Bishop Douglas J. Lucia celebrates Mass at the Cathedral of the Immaculate Conception in Syracuse May 31. (Sun photo | Chuck Wainwright)
Bishop Douglas J. Lucia issued the following statement May 31:
The events of the past 24 hours in the City of Syracuse and across our nation are expressions of sorrow and frustration. Sadness at an unconscionable act that took the life of a young man in middle America despite the valiant attempt of other citizens to intervene. The scene now embedded in our consciousness cries out with the words of the Lord in Genesis 4:10 – “What have you done? Listen your brother’s blood is crying out to me from the ground!” At its heart is a central teaching of God’s law of love that all life is sacred from conception to natural death; and that we are to love our neighbor as ourselves (cf. Lv 19:18, Mt 22:39, Mk 12:31, Lk 10:27).
Herein lies also the frustration experienced as well: Why doesn’t life matter? Whether it is the life of the unborn child in the womb, the life of a brother or sister who may have a different skin color than us, the life of someone who is elderly or terminally ill, the life of a shopkeeper or public safety officer, the life of someone whose beliefs are different than ours, and the list could go on. Unfortunately, frustration can cause us to strike out at one another like Cain did to Abel. Such behavior is often accompanied by words like: “I don’t care.”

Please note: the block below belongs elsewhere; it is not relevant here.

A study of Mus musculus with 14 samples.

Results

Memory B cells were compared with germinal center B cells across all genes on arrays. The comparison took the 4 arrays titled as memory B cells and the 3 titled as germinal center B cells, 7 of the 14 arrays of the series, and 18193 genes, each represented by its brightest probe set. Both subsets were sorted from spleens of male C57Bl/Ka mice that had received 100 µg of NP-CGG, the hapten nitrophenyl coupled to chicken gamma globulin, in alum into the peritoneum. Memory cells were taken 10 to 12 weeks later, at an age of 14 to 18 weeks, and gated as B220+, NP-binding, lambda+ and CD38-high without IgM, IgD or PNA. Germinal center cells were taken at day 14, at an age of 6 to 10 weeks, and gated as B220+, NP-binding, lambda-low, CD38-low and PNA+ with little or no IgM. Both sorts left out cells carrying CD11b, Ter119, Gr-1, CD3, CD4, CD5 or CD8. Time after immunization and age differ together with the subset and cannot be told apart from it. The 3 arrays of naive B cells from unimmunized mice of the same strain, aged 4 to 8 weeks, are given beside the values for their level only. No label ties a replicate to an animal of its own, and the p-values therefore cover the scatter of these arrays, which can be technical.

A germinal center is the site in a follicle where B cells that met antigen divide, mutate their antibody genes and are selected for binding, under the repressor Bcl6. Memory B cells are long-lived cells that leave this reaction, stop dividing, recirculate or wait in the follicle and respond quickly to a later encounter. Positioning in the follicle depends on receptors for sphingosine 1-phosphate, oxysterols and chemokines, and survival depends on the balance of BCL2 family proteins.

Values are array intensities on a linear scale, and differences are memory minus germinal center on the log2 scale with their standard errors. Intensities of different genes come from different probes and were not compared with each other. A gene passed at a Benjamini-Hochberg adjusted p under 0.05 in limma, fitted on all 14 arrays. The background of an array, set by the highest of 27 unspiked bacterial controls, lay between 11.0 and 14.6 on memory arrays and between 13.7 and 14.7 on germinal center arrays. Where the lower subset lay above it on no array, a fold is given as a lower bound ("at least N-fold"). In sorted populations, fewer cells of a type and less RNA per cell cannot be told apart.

During this time of pandemic, it has been shown repeatedly, that what best defeats COVID-19 is our conscientious adherence to practices that are considerate of our neighbors. The same could be said today of the malaise in our country when it comes to truly caring for one another. I grant you that I wonder how many wake-up calls it will take to get our society back on track when it comes to the precious gift that is human life.
Nonetheless, the time to act is now! As we celebrate the great feast of Pentecost, let us pray that the Lord’s law of love will not be something we have just memorized. Rather, may it be written on our hearts and in our daily actions. I ask that out of respect for one another no more property or businesses in this city and in Onondaga County be damaged, but instead we work peacefully together to support one another and put an end to injustice and racism.
Come, Holy Spirit! Enkindle within us the fire of God’s love! Amen.